Facebook co-founder, Chairman and CEO Mark Zuckerberg testifies before a combined Senate Judiciary and Commerce committee hearing. (Photo: Getty Images)

The Tablet Staff

Facebook CEO Mark Zuckerberg has confirmed that the social media giant blocked Americans from posting ads supporting the right to life in Ireland during the election cycle before Ireland’s referendum last year that made abortion legal in that country. 

The revelation comes on the heels of suspicion that Facebook discriminates against pro-life organizations in its content and advertising. In the past, the website has blocked posts from pro-life groups such as the American Pregnancy Association. 

According to Irish Central, while speaking at the Aspen Ideas Festival in Colorado on June 26, Zuckerberg said Facebook blocked the ads so that Americans would be unable to influence Ireland’s referendum, which passed in May 2018 with 66 percent of the vote favoring legal abortion to 34 percent against.  

“During that election, leading up to that referendum, a bunch of pro-life American groups advertised in this Irish, leading up to this Irish election, to try to influence public opinion there,” Zuckerberg said, according to LifeSite News.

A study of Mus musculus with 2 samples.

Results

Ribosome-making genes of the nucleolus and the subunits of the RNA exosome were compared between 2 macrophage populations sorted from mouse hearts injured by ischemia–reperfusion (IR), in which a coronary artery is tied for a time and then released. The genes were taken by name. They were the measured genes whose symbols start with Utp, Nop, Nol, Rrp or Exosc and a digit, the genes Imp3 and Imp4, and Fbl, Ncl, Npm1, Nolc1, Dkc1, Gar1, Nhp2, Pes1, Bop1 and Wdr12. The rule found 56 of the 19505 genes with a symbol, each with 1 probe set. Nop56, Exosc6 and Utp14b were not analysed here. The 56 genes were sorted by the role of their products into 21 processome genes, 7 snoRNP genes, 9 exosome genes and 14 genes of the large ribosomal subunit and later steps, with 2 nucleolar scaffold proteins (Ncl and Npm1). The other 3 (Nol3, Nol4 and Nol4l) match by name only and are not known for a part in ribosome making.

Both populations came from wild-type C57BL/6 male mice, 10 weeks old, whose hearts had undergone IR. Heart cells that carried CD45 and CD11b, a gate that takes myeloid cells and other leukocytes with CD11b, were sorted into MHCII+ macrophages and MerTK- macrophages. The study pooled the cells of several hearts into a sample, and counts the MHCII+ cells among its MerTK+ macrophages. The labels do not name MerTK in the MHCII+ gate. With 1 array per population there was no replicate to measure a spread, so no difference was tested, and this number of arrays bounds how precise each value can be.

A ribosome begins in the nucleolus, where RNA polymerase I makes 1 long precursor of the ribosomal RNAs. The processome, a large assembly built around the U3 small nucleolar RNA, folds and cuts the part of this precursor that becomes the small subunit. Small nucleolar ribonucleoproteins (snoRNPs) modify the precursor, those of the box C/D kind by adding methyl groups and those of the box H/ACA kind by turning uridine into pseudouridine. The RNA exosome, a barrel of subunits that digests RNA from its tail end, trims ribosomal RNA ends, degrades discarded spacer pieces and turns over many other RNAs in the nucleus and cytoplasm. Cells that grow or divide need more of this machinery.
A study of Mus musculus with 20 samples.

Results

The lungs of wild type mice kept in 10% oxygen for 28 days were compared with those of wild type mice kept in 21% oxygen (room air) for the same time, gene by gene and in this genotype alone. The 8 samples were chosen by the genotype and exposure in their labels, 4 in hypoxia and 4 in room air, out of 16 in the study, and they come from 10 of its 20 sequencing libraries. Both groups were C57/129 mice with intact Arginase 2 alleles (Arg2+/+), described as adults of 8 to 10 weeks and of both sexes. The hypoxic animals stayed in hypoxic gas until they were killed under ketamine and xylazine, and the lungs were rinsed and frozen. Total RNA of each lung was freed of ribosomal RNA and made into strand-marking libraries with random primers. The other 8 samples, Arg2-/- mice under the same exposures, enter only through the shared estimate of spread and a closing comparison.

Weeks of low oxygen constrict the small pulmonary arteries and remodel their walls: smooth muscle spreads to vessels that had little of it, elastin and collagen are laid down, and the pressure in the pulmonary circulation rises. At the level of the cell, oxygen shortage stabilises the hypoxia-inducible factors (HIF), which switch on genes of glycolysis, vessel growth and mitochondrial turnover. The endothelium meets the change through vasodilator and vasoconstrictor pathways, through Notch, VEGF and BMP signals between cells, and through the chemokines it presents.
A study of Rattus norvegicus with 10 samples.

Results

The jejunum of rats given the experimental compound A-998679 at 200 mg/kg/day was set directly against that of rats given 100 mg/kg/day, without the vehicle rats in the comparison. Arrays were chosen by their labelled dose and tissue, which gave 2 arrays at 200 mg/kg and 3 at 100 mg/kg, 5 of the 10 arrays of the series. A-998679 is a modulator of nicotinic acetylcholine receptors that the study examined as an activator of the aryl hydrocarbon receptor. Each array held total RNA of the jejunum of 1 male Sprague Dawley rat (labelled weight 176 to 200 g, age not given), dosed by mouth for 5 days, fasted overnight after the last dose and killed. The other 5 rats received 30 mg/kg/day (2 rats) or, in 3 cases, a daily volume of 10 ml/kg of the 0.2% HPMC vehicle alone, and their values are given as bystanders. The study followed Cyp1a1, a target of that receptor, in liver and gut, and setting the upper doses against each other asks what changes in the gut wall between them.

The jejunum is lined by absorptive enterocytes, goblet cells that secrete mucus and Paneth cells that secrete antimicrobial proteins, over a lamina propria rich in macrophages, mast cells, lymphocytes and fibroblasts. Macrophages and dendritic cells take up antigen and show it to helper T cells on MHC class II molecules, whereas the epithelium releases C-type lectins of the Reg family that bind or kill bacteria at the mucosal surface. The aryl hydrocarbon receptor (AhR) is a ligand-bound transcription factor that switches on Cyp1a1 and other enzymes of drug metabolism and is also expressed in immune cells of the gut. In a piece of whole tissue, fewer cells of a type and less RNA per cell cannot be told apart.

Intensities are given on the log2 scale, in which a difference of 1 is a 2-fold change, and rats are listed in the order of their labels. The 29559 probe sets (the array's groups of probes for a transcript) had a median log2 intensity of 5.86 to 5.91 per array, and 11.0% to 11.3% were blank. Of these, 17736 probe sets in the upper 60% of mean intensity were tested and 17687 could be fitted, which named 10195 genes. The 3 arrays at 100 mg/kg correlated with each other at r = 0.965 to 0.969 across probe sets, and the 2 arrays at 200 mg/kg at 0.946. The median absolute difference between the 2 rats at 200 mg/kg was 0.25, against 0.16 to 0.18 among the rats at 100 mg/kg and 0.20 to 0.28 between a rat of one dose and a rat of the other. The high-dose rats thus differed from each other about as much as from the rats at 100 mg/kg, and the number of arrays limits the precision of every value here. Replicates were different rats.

At the time, the Irish government had no laws in place regarding foreign political advertising. That allowed Facebook to run or block the ads, even though the Irish government didn’t view the targeted pro-life content from U.S. site users as “election interference,” according to LifeSite News. 

Zuckerberg claims that Irish officials told his company, “we don’t currently have a law, so you need to make whatever decision you want to make.” 

“We went to the Irish, and asked folks there, ‘How do you want us to handle this? You have no laws on the books that are relevant for whether we should be allowing this kind of speech in your election, and really this doesn’t feel like the kind of thing that a private company should be making a decision on,’ ” Zuckerberg said. 

The company has previously denied censorship of content it deems to be conservative. On July 11, the White House will host a social media summit, where President Trump will meet digital media companies to discuss the power of social media. Representatives from Facebook and its Instagram unit won’t be in attendance.